Jigs still catch crappies in the fall even without live bait
Crappies, those suspending, often transient schools of sought-after affections, are ripe for angler pickings right now.
Whether you refer to the black and white dotted panfish as slabs, spots, specks, slabzillas, papermouths or Crappie Diem (seize the crappie today), the fish are undoubtedly an object of many anglers' affection.
Ok, Crappie Diem isn't accurate Latin (I hope it didn't take you that long to figure out) and the other sur-names, sub-names and mostly nicknames are only uttered in the heat of crappie battling passion. It's difficult to control one's emotions when a true two-pounder is pegged to the business end of your fishing line.
Crappie size is both angler and measurement relative. For instance, an eleven-inch crappie is sometimes unjustifiably "stretched" to thirteen inches.
Some of that flexibility may be attributed to a quick, simplified measure in, well, measuring.
Since crappies have such large lips and mouth cartilage, though translucently thin, an extended jaw can change the crappie's length by quite a bit--over an inch on a decent sized fish.
So why is the practice or art of measuring a crappie, or any other fish for that matter, so influential?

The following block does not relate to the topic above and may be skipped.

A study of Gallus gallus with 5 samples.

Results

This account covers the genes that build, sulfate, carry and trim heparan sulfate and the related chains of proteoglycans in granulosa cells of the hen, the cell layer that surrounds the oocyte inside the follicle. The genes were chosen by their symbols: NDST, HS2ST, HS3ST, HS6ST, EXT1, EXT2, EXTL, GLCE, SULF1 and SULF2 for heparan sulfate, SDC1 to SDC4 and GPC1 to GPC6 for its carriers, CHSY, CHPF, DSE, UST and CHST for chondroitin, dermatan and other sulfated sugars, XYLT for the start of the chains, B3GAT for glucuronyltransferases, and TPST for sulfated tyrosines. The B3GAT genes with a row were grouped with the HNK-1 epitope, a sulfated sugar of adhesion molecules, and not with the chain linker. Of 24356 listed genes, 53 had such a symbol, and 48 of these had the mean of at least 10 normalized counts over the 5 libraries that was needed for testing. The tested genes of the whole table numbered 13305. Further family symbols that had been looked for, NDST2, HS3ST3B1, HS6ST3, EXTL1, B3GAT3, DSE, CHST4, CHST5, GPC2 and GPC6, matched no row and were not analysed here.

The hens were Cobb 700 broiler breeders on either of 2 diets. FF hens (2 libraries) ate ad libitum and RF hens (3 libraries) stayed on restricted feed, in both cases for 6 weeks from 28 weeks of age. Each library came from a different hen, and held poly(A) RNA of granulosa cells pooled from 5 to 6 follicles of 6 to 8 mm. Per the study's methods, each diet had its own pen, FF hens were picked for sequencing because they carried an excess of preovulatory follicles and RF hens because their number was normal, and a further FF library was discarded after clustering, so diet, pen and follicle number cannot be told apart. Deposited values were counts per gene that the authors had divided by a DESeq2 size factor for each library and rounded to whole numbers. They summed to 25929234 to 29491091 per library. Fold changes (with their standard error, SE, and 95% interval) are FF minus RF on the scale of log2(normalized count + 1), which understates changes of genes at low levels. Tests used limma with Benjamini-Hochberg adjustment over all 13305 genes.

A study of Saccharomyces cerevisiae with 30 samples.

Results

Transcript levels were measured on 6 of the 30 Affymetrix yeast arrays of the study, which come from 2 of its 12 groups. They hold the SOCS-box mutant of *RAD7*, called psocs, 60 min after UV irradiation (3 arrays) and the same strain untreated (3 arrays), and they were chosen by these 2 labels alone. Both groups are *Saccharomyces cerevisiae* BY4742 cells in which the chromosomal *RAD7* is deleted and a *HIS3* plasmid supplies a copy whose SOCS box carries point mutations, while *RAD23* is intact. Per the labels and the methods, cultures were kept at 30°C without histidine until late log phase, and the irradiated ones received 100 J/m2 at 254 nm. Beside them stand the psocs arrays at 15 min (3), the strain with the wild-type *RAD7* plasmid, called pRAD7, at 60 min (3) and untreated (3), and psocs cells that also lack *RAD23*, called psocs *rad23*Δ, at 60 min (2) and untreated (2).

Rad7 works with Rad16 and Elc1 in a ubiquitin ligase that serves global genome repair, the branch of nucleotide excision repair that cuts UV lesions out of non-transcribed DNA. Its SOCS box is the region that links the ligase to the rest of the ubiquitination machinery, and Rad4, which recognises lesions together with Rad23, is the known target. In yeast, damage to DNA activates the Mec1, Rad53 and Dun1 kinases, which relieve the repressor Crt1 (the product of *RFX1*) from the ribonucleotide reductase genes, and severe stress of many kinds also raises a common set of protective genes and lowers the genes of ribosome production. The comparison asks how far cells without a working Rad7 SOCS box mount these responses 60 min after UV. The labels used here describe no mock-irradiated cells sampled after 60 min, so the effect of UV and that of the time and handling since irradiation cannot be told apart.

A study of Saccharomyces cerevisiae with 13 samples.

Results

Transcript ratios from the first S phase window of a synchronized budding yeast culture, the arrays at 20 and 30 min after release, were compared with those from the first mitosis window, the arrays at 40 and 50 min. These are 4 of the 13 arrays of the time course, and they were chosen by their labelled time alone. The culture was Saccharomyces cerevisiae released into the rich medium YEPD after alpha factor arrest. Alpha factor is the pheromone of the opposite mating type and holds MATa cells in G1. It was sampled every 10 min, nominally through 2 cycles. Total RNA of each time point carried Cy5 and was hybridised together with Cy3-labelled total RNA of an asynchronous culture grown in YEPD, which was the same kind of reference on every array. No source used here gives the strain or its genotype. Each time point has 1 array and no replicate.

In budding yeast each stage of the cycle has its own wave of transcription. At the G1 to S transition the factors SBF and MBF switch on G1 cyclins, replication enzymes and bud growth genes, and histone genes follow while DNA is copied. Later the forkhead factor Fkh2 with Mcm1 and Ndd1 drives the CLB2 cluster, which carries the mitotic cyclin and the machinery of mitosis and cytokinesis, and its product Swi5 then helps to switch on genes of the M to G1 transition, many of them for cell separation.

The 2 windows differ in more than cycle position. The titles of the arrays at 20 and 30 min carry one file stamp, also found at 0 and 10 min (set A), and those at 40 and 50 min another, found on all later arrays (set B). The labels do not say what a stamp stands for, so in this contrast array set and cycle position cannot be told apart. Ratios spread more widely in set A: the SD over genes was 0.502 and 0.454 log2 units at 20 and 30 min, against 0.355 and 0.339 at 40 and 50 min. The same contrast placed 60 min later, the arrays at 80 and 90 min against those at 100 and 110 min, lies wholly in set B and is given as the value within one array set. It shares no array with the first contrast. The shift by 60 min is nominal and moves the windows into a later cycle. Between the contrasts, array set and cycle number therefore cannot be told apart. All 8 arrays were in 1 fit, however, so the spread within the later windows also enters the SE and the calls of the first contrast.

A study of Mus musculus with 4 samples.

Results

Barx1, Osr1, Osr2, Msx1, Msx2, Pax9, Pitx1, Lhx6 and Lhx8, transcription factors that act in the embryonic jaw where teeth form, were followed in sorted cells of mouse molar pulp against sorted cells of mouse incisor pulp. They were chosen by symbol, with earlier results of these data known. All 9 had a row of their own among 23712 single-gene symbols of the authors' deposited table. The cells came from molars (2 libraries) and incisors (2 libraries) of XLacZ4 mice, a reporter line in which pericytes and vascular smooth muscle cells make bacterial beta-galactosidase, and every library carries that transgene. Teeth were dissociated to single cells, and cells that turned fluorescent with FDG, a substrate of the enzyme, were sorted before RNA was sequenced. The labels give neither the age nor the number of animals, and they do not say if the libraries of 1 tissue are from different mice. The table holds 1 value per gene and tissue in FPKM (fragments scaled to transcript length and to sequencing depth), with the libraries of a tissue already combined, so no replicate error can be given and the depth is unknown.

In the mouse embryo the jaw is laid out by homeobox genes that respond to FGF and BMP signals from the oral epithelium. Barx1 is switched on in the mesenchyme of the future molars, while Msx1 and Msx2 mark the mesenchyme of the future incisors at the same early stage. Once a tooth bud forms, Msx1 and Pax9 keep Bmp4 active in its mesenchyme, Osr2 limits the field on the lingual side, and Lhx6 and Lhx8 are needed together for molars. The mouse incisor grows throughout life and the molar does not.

In the everyday world of fishing, anglers look for fish larger than anything they've ever caught. And over the years, due directly to the positive nationwide effects and awareness of catch and release, length often equates to weight. One thing's for sure: an accurate scale doesn't lie.
Releasing monster crappies remains influential to the future reproduction of equally--or greater--sized fish as the genetics are passed on to new broods.
The reason that topic of catch and release and selective harvest arises this time of year is due to a rise in activity from the species. Not only are crappie commonly aggressive during the fall, they often travel into shallow water during warm, calm days. That progression makes them easy to see from the elevated deck of a fishing boat.
The key element to locating those shallow water crappies is to look for vegetation. Submergent weeds like cabbage weed and coontail is great, while sparse fields of pencil reeds are even easier to find since they protrude up above the surface.
Although minnow such as fatheads and crappie minnows are a traditional method for catching big fall crappies, marabou, hair and plastic jigs usually work just as well, sometimes even better. Think about it; no more minnows flying of the hook mid-air during a cast and no more chasing the wiggly buggers on the bottom of the boat once they squirm out of your hand. Crappie jigs in 1/32nd to 1/16th ounce sizes are ideal.
A variety of jigging techniques are productive for crappies, but sometimes less action garners more bites. Personally, I've had the greatest success casting the jig as far as possible, and then simply let the jig sink to the bottom. Watch your line for any twitching or sudden movements. It's essentially your strike indicator and any sudden line movement means there's a fish on the other end.